If you aren’t traveling or lying on a beach somewhere for your Memorial Day weekend, you should know that your TV is calling your name, because HBO’s The Normal Heart is finally premiering, not to mention Mad Men’s half-season finale. And as for the rest of your week? Well, you’ve got new music, Angelina Jolie in theaters, the return of reality TV favorite So You Think You Can Dance, and more.
Enjoy your week:
The Normal Heart premiere, 9 p.m., HBO OR Mad Men half-season finale, 10 p.m., AMC
Mark Ruffalo, Jim Parsons, Julia Roberts, Taylor Kitsch, and Matt Bomer start in The Normal Heart, a Ryan Murphy film about the true-life story of an AIDS activist set in the ’80s. Between its star-studded cast and heartbreaking story, it will probably tug at a few — if not all — heartstrings. Mad Men probably won’t warrant quite as many tears, but it will be the last time we’ll see the men and women of Sterling Cooper & Partners until the second half of the season (and the final part of the series) premieres in 2015.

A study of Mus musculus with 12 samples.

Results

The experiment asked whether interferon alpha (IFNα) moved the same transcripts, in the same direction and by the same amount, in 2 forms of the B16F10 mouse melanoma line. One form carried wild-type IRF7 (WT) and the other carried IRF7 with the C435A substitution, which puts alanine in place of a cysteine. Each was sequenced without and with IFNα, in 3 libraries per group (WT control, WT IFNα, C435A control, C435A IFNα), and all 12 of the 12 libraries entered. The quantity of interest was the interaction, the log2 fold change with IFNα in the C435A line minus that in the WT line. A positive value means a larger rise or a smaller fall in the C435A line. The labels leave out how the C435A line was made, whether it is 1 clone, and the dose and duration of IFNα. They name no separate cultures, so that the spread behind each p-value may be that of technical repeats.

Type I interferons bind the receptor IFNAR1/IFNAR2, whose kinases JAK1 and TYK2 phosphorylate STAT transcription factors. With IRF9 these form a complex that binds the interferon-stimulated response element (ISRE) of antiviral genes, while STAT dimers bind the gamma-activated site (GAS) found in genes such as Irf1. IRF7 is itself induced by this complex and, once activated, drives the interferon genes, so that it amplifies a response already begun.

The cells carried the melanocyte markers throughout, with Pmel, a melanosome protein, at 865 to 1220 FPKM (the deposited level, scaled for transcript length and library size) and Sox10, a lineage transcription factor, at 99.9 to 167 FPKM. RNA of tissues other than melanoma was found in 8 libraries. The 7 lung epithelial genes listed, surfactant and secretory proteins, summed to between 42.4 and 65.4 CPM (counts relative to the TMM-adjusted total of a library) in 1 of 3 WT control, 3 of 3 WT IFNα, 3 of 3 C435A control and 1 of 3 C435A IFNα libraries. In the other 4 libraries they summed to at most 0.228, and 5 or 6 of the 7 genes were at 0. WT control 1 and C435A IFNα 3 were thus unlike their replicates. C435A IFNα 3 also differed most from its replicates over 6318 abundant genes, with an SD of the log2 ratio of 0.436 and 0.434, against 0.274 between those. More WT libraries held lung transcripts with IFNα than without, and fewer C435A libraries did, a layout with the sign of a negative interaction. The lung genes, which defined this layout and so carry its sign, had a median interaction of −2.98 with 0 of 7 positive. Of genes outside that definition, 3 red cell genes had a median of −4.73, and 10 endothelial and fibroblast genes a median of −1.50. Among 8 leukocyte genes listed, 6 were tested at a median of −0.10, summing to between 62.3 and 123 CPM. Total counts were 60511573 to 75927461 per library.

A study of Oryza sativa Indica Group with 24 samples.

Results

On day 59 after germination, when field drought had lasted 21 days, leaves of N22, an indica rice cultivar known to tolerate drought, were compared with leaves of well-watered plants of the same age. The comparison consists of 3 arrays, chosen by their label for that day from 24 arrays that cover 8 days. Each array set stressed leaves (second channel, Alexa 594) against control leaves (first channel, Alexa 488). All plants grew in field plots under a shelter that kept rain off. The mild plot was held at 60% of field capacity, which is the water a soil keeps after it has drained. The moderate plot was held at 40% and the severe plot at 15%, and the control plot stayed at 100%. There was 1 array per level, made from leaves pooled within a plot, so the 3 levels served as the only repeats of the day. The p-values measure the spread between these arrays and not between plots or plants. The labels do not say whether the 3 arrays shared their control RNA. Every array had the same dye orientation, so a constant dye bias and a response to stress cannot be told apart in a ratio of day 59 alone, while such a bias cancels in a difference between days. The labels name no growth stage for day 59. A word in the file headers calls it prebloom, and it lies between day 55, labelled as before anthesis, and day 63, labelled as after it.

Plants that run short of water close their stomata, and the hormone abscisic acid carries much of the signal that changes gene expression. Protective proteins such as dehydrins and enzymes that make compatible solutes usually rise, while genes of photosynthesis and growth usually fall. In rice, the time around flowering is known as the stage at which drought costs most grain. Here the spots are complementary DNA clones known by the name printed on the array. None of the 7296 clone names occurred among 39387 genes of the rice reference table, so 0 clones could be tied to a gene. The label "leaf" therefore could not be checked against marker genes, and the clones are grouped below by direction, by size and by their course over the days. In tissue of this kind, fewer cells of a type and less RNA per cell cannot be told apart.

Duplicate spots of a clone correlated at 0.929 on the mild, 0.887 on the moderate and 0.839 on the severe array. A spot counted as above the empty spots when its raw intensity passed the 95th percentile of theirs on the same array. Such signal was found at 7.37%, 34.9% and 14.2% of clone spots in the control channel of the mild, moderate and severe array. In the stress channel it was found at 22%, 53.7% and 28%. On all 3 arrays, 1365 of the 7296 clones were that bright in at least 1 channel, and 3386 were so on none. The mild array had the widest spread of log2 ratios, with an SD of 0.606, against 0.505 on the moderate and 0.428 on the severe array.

Petals on the Wind, 9 p.m., Lifetime
The long-awaited Flowers in the Attic sequel is finally here and, as expected, it’s full of all kinds of incest.
Me. I Am Mariah…The Elusive Chanteuse in stores
If Mariah Carey’s new album is half as confusing/intriguing as its title, I’ll give it a listen.
So You Think You Can Dance, 8 p.m., Fox
The beloved reality show is back, and Nigel and the gang are hitting the road for audition season, a.k.a. the best part of the show when horrible dancers try to prove they have rhythm.
Undateable, 9 p.m., NBC
If you’re in need of a new comedy, why not watch a bunch of people fail at having a love life? Sounds fun, right?
Derek, streaming on Netflix
Ricky Gervais’ cult series is back for season two, and for the most part, I hear it’s just as good as season one.
A Million Ways to Die in the West OR Maleficent in theaters
You all have a serious life decision to make: Seth MacFarlane or Angelina Jolie? Why not a double-header?
Halt and Catch Fire, 10 p.m., AMC
After its Tumblr preview, AMC’s newest show, which follows the rise of the PC in the early 1980s, roughly one year after IBM, is finally ready to launch.